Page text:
BASF announced that its green demonstration home, The BASF Better Home Better Planet: Near Zero Energy Home-Paterson, N.J., has been selected by the U.S. Green Building Council's pilot testing for the recently launched Leadership in Energy and Environmental Design for Homes (LEED-H) rating system.

According the USGBC, LEED-H is being developed with input from local and national stakeholder groups. It is a voluntary initiative promoting the transformation of the mainstream home building industry towards more sustainable practices.

Only 12 demonstration homes across the U.S. have been selected to undergo rigorous examination in the following areas: Energy Star Labeled Home; Durability Plan; Waste Management Plan; Site Protections; Owners Manual; and Health and Safety Measures.

To achieve an expected LEED-H Gold Rating, BASF is currently working with a host of partners, including the Building America team at Steve Winter Associates through a Department of Housing and Urban Development Partnership for Advancing Technology in Housing grant; Christner Group, a green building solution provider; Environmental Services Management Group; EAM, Energy Star Partners; and McGrann Associates, the LEED-H provider for the region.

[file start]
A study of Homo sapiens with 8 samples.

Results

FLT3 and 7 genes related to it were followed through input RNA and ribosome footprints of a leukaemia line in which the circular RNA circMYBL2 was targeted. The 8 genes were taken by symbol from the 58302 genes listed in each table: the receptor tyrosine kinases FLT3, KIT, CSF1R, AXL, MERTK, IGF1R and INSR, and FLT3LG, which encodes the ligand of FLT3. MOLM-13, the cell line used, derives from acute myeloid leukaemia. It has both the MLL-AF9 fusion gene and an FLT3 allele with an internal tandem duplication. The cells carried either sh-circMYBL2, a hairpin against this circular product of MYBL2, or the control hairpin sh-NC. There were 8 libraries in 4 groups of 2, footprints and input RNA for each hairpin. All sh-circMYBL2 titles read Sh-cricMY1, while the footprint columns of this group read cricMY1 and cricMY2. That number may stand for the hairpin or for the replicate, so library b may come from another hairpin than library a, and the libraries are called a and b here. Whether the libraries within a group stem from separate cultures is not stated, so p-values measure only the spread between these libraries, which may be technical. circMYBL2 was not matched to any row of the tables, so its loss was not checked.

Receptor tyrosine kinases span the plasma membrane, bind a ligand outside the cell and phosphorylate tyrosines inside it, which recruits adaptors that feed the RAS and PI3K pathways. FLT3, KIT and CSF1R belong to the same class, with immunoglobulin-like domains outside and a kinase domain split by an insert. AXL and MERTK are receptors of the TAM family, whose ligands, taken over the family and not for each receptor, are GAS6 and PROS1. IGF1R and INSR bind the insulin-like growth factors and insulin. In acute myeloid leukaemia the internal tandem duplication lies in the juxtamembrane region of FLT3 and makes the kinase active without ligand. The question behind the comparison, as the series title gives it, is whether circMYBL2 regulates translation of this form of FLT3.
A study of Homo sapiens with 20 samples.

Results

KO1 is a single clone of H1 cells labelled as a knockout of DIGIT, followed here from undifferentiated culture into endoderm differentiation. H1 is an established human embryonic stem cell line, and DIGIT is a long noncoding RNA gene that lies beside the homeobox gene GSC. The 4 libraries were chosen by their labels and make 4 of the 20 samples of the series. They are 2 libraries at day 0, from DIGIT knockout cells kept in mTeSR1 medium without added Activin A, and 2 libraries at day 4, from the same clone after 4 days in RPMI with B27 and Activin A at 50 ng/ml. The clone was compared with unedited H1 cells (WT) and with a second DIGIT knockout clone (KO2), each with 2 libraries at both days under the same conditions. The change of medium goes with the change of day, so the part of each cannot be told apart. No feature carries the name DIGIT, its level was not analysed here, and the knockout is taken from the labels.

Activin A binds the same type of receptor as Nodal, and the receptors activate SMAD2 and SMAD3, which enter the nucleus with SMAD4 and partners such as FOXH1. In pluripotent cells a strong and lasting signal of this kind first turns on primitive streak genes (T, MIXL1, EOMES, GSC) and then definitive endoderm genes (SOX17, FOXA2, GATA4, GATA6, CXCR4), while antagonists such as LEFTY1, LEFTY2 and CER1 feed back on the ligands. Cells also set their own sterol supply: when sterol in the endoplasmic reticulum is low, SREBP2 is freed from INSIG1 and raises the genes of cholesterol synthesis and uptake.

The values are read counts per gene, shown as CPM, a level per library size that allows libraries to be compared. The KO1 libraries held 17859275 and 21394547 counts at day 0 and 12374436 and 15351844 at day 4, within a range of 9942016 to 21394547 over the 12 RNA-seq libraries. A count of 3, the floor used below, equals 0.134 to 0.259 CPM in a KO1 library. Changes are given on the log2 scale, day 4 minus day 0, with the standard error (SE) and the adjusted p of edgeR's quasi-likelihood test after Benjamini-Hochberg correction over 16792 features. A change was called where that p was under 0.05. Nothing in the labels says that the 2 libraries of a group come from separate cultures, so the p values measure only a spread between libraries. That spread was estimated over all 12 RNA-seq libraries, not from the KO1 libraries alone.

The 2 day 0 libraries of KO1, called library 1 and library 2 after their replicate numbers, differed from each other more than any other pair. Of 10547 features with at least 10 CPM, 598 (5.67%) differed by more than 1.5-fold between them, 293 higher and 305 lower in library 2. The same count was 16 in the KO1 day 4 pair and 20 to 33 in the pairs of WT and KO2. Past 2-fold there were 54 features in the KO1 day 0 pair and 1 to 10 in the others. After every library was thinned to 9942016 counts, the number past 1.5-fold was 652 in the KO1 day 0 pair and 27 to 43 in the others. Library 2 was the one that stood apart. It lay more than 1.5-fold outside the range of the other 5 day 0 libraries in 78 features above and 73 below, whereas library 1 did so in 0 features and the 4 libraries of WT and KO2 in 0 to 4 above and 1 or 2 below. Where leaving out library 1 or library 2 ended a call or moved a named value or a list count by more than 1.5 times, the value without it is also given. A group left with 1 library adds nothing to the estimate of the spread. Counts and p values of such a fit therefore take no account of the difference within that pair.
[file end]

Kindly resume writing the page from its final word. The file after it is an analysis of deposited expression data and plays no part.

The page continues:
This educational housing project will incorporate Zero-Energy housing concepts from Oak Ridge National Laboratory, be designed to achieve a 93 HERS Energy Star score and with the inclusion of solar panels, support New Jersey's Solar Initiative Program.

The Better Home Better Planet: Near Zero Energy Home-Paterson, N.J., is set to open in early 2006 and will be the site for a number of seminars and tours to provide green design solutions for building healthy, energy-efficient, high-performance and economical homes to architects, builders, government officials, homeowners, realtors, financial institutions and other interested parties.

Once the construction and demonstration phases are completed at year-end, the Paterson home will be donated to St. Michael's Housing Corporation. This organization will then turn over the home to a local family with a quadriplegic boy to occupy.